The Senate Foreign Relations Committee this week took up the issue of child hunger and malnutrition around the globe, hearing testimony on Tuesday from a number of leading advocates.
Republican senator and committee chairman Richard Lugar began the hearing by describing the scale of hunger among children, and its link to a cycle of poverty.
"An estimated 5 million to 6 million children die each year from infections and diseases caused by malnutrition," he said. "Nearly one third of the children in the developing world are underweight or have had their growth stunted. Hunger and malnutrition also perpetuate poverty and undermine economic growth, development, and political stability in the developing world. "
To shed light on the problem and offer solutions, top representatives from five humanitarian agencies testified: the U.S. Agency for International Development, the Centers for Disease Control and Prevention, World Vision, the U.N. World Food Program and the United Nations Children's Fund.
What became clear during the hearing is that child hunger and malnutrition are often present with other diseases - such as AIDS, diarrhea, and malaria - all of which disproportionately afflict poor people in developing nations.
Julie Gerberding from the Centers for Disease Control told the committee a story of a family living in a hut in a remote area of Uganda. She along with other relief officials were visiting the family to deliver AIDS medication.
"And we asked the gentleman in the hut, 'What do you think about this program to deliver you anti-retroviral drugs.' And he said, 'Oh, I feel great. I am getting much better.' And we said, 'Well, when did you start to feel better?' And he said, 'Well, first they brought me a clean water vessel and they brought an antibiotic to treat my diarrhea. And not only did my diarrhea get better but all my children's diarrhea got better. And for the first time, they stared gaining weight and we could see that the nutrition in our household started to improve,'" said Gerberding.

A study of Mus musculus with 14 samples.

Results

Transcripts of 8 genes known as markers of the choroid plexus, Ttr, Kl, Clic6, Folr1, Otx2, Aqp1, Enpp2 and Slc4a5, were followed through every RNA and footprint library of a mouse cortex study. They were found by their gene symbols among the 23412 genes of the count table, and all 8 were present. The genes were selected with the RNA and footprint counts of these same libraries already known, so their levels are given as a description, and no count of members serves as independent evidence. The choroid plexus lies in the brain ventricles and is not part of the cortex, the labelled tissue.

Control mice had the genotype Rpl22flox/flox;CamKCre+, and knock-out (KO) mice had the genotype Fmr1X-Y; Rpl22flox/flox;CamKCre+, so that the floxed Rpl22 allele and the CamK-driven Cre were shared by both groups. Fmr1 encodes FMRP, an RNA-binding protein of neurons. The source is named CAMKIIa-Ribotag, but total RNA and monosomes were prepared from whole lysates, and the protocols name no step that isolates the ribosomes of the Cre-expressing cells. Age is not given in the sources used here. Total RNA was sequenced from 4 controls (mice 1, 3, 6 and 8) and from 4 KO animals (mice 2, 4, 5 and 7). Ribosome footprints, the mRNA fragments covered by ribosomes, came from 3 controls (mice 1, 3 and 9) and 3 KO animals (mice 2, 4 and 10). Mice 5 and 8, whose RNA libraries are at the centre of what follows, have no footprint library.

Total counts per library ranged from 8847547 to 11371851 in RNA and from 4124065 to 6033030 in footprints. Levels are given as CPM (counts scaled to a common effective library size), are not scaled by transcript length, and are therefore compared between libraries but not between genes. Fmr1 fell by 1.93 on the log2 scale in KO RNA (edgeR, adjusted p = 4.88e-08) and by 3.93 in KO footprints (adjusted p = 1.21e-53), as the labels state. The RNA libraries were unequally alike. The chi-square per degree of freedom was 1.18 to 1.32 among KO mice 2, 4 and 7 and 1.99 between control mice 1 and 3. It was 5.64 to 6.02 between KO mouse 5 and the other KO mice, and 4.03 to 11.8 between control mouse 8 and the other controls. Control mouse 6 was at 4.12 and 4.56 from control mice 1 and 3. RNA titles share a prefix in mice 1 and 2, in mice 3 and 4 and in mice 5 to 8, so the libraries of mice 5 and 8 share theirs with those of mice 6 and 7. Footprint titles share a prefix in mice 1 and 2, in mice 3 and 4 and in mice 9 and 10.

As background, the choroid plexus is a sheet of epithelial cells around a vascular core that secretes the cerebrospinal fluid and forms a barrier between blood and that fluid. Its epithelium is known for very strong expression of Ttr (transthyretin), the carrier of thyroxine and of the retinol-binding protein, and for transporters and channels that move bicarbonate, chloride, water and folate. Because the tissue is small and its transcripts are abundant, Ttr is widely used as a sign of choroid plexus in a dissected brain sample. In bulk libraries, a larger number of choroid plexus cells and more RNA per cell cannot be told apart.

Ms. Gerberding added that on top of those improvements, antibiotics - in combination with bed nets - helped to treat and protect his family against malaria.
"So, through a series of very inexpensive interventions we set the stage so that the treatment for the HIV that we were delivering had a chance of being successful," she added. "You cannot treat HIV in adults and children if they are undernourished."
George Ward, with the Christian relief and development group World Vision, told the committee that even though hunger affects hundreds of millions of children, it is a problem that can be greatly reduced, if the right steps are taken.
"The solution does not require any new inventions," he noted. "But it does require focused attention. Child hunger can be solved one child, one household and one community at a time by empowering caregivers with the necessary tools and resources. We need congressional leadership and support to ensure these programs are funded and expanded."
Senator Lugar's colleague on the committee, Democratic Senator Paul Sarbanes, expressed support for increased funding to fight hunger and criticized the Bush administration for cutting funding for such programs in the next fiscal year.
"Regrettably, the budget submitted by the president fiscal '07 had a decrease in a number of programs that involve child survival and health. Development assistance was reduced; international disaster and famine assistance were reduced," he said.